CANBERRA, Australia — About a quarter of shark habitats are actively targeted by global commercial fishing fleets, leaving the predators with limited places to hide from the longlines, or baited hooks, on which they frequently get caught, according to study published Wednesday.
The researchers found areas frequented by protected species had much higher overlap with active fishing zones where longlines were used, directly threatening the iconic ocean predators.
Longlining is a commercial fishing technique that uses a drifting long line with baited hooks attached on shorter branch lines at intervals. Hundreds or thousands of baited hooks can hang from a single line that mostly target species like tuna and swordfish.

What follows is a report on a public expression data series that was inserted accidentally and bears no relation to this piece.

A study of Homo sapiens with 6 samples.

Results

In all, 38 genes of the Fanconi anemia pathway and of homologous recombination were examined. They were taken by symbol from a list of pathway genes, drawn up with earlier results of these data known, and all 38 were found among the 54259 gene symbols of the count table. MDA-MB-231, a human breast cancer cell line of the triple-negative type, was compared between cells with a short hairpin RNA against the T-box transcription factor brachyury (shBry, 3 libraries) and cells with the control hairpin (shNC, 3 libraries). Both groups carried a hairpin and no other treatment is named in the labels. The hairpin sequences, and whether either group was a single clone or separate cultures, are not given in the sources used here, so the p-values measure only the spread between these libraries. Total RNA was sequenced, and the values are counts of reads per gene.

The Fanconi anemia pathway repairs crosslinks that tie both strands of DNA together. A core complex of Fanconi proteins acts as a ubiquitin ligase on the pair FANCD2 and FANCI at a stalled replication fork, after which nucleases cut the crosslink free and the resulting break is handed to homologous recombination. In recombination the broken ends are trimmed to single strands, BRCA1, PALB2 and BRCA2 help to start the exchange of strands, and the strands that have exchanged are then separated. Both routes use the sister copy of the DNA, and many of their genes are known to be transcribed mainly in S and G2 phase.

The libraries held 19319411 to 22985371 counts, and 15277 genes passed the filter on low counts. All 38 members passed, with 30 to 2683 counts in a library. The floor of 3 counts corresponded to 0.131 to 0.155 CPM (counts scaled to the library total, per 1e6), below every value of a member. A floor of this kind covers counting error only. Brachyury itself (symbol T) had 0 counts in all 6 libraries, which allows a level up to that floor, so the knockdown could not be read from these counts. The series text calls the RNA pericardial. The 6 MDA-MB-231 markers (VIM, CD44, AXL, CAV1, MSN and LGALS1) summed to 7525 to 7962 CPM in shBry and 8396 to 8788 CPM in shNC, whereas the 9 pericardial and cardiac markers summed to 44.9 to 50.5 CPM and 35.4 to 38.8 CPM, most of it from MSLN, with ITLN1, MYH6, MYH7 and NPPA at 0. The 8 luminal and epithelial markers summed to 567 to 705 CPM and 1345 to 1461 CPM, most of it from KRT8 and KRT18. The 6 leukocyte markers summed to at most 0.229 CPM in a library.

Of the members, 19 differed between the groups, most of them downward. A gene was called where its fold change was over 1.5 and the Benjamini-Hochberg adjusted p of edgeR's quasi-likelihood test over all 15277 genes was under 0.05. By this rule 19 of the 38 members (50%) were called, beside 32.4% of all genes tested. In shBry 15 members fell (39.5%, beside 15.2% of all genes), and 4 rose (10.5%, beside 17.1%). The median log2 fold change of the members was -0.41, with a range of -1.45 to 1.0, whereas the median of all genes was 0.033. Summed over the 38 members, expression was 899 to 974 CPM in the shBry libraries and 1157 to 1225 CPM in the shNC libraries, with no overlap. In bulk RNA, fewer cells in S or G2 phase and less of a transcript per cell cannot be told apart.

The study by a team of Australian and international researchers was published in the science journal Nature.
The researchers tracked the movements of 1,600 sharks using satellite tags and monitored the movements of global fishing fleets to see where their paths crossed.
They found that 24% of the space used by pelagic, or oceanic, sharks in an average month falls under the footprint of longline fisheries, while areas frequented by protected species, like great white sharks, had an even higher overlap — 64% — with longline fleets.
Pelagic sharks are highly migratory, covering vast ocean areas. On average, large pelagic sharks account for half of all identified shark catch worldwide in target fisheries or as bycatch.
The researchers said the findings indicated that pelagic sharks have limited places of refuge from fisheries and thus more protected areas are needed urgently to sustain their declining population.